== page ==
Conjurer's Tricks 


Over the years I've met and known people who will "swear, to-whatever-you-want man," that they've woken up and seen/sensed/were absolutely sure there was a presence in the room with them. I've heard tales of spectres sitting in the rafters and glasses that knock themselves off bar shelves. Last autumn our friends and comrades over at the other newspaper even brought in a medium, who confirmed paranormal activity at least one known Whistler haunting spot.

But so far we've been pretty lucky. We've never seen anything like the unholy mayhem unleashed on the poor folks in The Conjuring, which opens this week in the good old Village 8 Cinemas. Whistler ghosts seem a bit more laid back.

Vera Farminga (Up in the Air, The Departed) and Patrick Wilson (Promethus, Factory Girl) star as a married couple of ghost hunter/spirit seeker types back in 1971 who end up getting called to help a family with five young girls fend off some pissed-off supernatural evil who doesn't mind throwing every classic cliché of the haunted house (sub)genre at them.

You want one of those creepy hanging trees like the one in House of 1,000 Corpses or The Hanging Tree? You got it. How about a freaky old music-box-mirror reflection scene? Check. Kid tossed around on bed? Yup. Eerie Grudge-style ghoul lurking near the ceiling? Uh huh. But the thing is, director James Wan (Saw, Insidious) is fully aware of his genre's conventions and he plays around with them nicely. The Conjuring delivers nothing new but the filming is adequately creepy, the acting is just serious enough, and Wan dishes up classic 14A scares. Despite all the recycled material The Haunting ends up a lot better than it should be, and more fun.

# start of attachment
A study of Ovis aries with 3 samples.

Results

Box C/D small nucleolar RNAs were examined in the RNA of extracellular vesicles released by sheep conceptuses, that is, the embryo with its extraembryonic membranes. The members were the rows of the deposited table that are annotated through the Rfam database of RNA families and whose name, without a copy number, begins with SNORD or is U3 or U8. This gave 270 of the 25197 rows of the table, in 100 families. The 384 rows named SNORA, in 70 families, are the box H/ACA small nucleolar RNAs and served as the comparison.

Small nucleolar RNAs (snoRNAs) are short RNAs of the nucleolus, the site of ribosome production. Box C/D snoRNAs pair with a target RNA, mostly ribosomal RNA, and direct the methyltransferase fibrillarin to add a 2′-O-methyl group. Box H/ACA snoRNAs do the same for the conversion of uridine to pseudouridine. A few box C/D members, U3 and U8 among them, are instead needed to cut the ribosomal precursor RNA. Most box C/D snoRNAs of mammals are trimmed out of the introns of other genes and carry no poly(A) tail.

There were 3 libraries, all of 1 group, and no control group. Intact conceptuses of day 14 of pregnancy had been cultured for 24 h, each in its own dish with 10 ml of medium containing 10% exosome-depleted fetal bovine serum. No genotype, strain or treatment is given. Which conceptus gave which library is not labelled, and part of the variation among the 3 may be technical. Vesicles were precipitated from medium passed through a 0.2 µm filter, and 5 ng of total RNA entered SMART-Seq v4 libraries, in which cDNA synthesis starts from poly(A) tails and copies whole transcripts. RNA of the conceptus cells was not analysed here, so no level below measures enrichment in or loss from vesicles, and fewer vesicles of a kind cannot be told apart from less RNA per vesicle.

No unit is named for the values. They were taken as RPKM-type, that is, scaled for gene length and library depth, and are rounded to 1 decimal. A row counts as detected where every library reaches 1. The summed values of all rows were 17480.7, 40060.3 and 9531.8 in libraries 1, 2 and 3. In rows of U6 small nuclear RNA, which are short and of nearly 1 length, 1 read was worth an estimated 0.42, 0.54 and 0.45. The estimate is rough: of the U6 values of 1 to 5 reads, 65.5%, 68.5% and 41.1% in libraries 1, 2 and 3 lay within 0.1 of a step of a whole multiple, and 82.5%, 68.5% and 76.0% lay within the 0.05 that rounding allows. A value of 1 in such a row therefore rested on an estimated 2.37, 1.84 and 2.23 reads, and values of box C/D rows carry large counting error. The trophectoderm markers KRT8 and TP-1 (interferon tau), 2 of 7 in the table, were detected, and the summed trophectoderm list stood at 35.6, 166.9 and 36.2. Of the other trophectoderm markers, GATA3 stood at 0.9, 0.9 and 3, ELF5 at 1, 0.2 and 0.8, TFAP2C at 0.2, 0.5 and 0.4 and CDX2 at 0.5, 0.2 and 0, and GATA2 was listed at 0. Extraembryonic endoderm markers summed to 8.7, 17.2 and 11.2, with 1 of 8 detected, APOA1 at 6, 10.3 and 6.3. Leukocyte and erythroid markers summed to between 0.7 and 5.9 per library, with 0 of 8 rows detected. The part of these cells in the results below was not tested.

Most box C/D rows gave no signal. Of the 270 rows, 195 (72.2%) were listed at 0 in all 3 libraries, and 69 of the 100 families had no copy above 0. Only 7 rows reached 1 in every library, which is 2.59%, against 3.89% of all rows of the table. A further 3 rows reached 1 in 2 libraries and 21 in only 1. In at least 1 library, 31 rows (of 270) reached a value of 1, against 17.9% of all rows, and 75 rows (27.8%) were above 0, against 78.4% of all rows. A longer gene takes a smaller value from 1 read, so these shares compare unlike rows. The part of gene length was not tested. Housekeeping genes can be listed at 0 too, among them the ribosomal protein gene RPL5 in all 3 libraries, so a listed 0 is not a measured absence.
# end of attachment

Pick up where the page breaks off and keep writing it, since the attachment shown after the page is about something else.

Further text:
Also opening this weekend (speaking of rehashing content) Red 2 revisits the comic-book-inspired premise of a bunch of senior citizen super agents thrust back into the field of duty for one final mission. There are multiple explosions, gunfights, cars flying trough the air and a host of Academy Award regulars like Helen Mirren, Anthony Hopkins and John Malkovich, alongside washed up action regulars Bruce Willis and Brian Cox, with Catherine Zeta Jones and Mary Louise-Parker thrown in as the youngish hotties.

Red 2 looks like road rash feels and it's nearly two hours long. No thanks. But it all begs the question: who is this film aimed at? Who is the target audience that propelled the first Red to a $200 million box office? I'm pushing 40 and this looks like crap to me. I have friends nearing 50 who would hate it even more. And my father (64 this year) would just turn it off and wistfully recall the comedy high-water marks of his day like Blazing Saddles and A Fish Called Wanda. Certainly, everyone has bills to pay and I'm sure the talent involved was hoping for an Ocean's 65-type working holiday with free coffee at McDonalds. But what Hollywood executives think this looks awesome?

Or is it just a diss? The original Red director, Robert Schwentke, also has a flick out this week called R.I.P.D. It's basically Men in Black but with evil souls stalking the earth instead of aliens. Ryan Reynolds and Jeff Bridges are the odd-couple deceased lawmen that have to stop them and, you guessed it, save the world! Mary Louise Parker is in this one too, so it seems Hollywood is getting real incestuous with its recycling and overlapping of content. Incest causes birth defects though, so bring on the mutants! The Wolverine opens next Thursday.